The federal Substance Abuse and Mental Health Services Administration has awarded Catholic Charities, Diocese of Trenton (CCDoT), a two-year grant to expand its Certified Community Behavioral Health Clinic (CCBHC) program in underserved areas of Mercer and Burlington counties.
The expansion grant, in the amount of $2 million each year, will enable the agency to strengthen healthcare services for those who most need it – vulnerable people whose complex needs have historically left them out of the system. CCDoT will use the funding in two ways:
- To expand access and provide more comprehensive, family-focused, outpatient mental health services for adults and children and rapid access to the full continuum of adolescent and adult addiction treatment in eastern Mercer County.
- To provide access to critical services in Burlington County, especially for military veterans. Burlington is New Jersey’s largest county yet has limited community-based crisis and substance-abuse services, relative to the community’s needs.
What are CCBHCs?
CCBHCs are a new provider type in Medicaid, part of a national initiative to expand Americans’ access to mental health and addiction care in community-based settings. Components of care include 24-hour crisis care, use of evidence-based practices, care coordination, and integration with physical health care.
CCDoT now serves nearly 600 people in several CCBHC programs targeting four populations – people with serious mental illness, those struggling with substance abuse, veterans with post-traumatic stress disorder, and children with serious emotional disturbance, said Susan Loughery, CCDoT’s director of operations (pictured at right).
“Our goal is to fill the gaps in community health systems, so that access is available to all those who need it. We are thrilled to receive this funding, which will allow us to grow our services and help more people lead healthy lives,” Loughery said.
“For too long, people with serious mental illnesses or those struggling with addiction have encountered barriers to recovery, due to the complexity of their care and years of funding cuts that have poked holes in their safety net,” Loughery added. “In just the one year since we implemented our CCBHC program, we have been able to provide evidence-based, trauma-informed services to more vulnerable people than ever. We are better-equipped to fight the opioid crisis and serve veterans. And we are successfully partnering with hospitals, schools, and other community agencies to meet the needs of this complex population.”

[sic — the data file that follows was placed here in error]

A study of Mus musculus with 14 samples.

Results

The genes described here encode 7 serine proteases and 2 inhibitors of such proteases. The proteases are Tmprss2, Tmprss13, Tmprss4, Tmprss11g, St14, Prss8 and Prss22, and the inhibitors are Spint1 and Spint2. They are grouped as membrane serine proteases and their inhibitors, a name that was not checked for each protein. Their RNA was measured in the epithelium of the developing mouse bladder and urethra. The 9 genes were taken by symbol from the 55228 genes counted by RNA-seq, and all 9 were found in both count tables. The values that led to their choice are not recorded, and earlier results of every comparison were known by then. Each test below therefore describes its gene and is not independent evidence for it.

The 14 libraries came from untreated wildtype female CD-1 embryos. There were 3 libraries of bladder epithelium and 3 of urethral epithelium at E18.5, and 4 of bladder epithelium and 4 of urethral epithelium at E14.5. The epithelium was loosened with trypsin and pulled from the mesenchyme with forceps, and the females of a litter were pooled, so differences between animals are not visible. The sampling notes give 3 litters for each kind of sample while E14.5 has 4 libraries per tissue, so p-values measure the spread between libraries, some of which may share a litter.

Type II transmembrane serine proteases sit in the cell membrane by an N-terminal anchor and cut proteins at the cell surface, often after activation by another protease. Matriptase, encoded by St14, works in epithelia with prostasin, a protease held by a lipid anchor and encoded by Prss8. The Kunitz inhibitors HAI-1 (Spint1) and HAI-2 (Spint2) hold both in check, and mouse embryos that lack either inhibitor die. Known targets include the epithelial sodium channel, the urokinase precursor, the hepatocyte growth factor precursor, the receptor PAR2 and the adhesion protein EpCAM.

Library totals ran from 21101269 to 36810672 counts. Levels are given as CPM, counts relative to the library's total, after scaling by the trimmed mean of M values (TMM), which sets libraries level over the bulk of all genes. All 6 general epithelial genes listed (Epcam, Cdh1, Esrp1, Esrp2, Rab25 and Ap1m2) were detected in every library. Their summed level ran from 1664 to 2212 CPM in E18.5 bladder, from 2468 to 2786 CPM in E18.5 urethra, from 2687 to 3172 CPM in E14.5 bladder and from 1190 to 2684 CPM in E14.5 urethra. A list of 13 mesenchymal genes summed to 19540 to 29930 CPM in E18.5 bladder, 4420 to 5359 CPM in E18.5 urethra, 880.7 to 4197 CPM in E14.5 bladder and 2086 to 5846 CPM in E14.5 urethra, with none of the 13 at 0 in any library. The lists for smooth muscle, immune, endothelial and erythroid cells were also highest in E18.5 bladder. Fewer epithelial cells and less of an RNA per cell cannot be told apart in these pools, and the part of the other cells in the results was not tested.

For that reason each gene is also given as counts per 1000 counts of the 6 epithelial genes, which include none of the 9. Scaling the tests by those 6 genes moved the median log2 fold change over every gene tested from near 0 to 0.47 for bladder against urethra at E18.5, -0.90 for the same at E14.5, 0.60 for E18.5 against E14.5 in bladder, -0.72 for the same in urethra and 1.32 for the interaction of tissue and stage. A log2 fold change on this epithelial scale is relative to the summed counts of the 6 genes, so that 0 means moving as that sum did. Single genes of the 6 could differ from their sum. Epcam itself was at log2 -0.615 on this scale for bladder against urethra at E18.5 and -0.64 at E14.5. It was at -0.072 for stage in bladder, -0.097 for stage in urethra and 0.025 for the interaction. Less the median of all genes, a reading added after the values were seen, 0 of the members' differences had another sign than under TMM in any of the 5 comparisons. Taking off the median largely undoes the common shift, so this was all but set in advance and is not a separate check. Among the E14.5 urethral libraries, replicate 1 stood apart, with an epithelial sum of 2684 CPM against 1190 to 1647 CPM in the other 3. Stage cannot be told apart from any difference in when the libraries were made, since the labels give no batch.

How the funding is spent
CCDoT’s CCBHC program already focuses on mental health and substance abuse services (outpatient, partial care, intensive outpatient, ambulatory detox, and medication-assisted treatment); housing (supported, forensic, medically enhanced, and Rapid Rehousing); crisis services (Early Intervention Support Services [EISS] and Mobile Crisis Response and Stabilization [for children]); domestic violence services; supported employment and supported work programs (including Self-Help Riverbank Transportation Peer Services); and El Centro (CCDoT’s BIA-accredited immigration services and community resources for those whose primary language is Spanish).
For example, Catholic Charities partners with several community agencies to assist pregnant, homeless (or at risk of becoming homeless) women struggling with addiction as they work toward recovery in the new CCBHC program For My Baby and Me (client, center, pictured with staff in photo at right).
The new funding will add or expand crisis services; screening, assessment, and diagnosis; patient-centered treatment planning; outpatient mental health and substance use services; outpatient primary-care screening and monitoring of key health indicators and health risk; clinical monitoring for adverse effects; targeted case management; psychiatric rehabilitation services; social supports; comprehensive community recovery supports; armed forces/veterans; Assertive Community Treatment (ACT); relationships with judicial officials/court systems; and an advisory work group.
The expansion grant comes nearly two years after the U.S. Department of Health and Human Services picked New Jersey and seven other states to demonstrate CCBHCs, a new model of care intended to expand access to intensive community-based services for people with untreated severe mental illnesses or addiction. CCDoT was one of seven providers in New Jersey selected to partner with the state under the two-year demonstration program.
Just about 43 percent of all people living with serious mental illnesses, such as schizophrenia, bipolar disorders and major clinical depression, receive behavioral health care, according to the National Council for Behavioral Health. The rest rely on homeless shelters, Medicaid-financed hospital emergency rooms and penal institutions for psychiatric care, according to the council.
In a 2016 report, then-Surgeon General Dr. Vivek H. Murthy found that while one in seven people in the U.S. is expected to develop a substance abuse disorder, only one in 10 will receive treatment.